Photo Credit: Jewish Press

The first nine days of the Hebrew month of Av, culminating with the fast of Tisha b’Av, observed on the date when both Batei Mikdash (Holy Temples) were destroyed, are the blackest days on the Jewish calendar. These are days of national mourning, when we contemplate the nearly 2,000-year-long galus and the physical and spiritual displacement of our nation.

Though festivities are inappropriate for these days, there is one avenue of joy that is permitted – joy associated with serving G-d, the joy of a mitzvah. In fact, the celebration of certain mitzvot overrides the sorrowful nature of the time and calls for a seudat mitzvah, a celebratory mitzvah meal during the course of which the mourning practices of these days are relaxed.


One such joyous occasion is participating in a siyum (the completion) of a tractate of the Talmud, which is a mitzvah as well as an intellectual feat worthy of celebration.

This also demonstrates, in a very practical way, how one Jew cares for another Jew. If my friend makes a simcha – he finishes a Gemara – I will participate as if I had finished the Gemara myself.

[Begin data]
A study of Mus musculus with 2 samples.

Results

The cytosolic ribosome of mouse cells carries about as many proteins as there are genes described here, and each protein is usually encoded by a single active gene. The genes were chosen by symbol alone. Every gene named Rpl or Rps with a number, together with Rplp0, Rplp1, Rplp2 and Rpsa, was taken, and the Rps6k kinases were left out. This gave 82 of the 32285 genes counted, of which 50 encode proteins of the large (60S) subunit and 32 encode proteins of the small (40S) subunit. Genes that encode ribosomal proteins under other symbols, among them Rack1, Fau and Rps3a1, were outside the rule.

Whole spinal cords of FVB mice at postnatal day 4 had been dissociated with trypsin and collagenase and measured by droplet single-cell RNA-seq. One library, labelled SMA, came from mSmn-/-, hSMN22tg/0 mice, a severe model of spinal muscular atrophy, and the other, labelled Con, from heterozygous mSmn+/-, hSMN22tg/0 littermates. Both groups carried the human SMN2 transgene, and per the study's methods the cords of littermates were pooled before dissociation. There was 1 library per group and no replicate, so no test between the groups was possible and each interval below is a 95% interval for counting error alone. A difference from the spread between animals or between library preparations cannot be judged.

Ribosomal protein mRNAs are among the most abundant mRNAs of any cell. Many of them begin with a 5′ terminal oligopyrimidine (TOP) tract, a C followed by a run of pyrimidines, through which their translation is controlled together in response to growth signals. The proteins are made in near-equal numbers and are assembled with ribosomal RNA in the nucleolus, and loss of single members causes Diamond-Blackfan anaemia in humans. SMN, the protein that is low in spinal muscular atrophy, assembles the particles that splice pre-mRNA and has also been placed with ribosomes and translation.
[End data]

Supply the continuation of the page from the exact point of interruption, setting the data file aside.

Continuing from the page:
The Rebbe spoke of the need to shine a beacon of light into these days of darkness through participation in a siyum during each one of the nine days. The Rebbe asked his followers to share this joy with others, and as such encouraged public siyumim and even the broadcast of siyumim on the radio. Transmission over the radio – and today, the internet – multiplies the joy a thousand-fold by allowing for the participation of those far beyond the confines of the location where the siyum is held.

Though these days heralded an exile rife with persecution and spiritual estrangement, this has been for our ultimate good. Very soon, with the coming of Mashiach, we will understand that all the suffering was necessary in order for us to reach the ultimate good. At that time, these sorrowful days will be transformed into days of joy. Rejoicing at a siyum hastens the day when these days will be universally celebrated.

Our Sages have said that the primary reason for the destruction of the Beis HaMikdash was the lack of love and harmony between Jews. Sharing in the joy of another, the one who completed the tractate, is a demonstration of Jewish unity, which reverses the cause of our predicament and therefore brings it to an end.

The Rebbe also requested that the siyumim should continue through the 15th of Av, the holiday that celebrates the “upward rebound” from Tisha b’Av.

In today’s day and age, it is not difficult to find a siyum online and participate in what the Rebbe referred to many times as “tzubrechn di vent fun galus – breaking down the walls of galus.”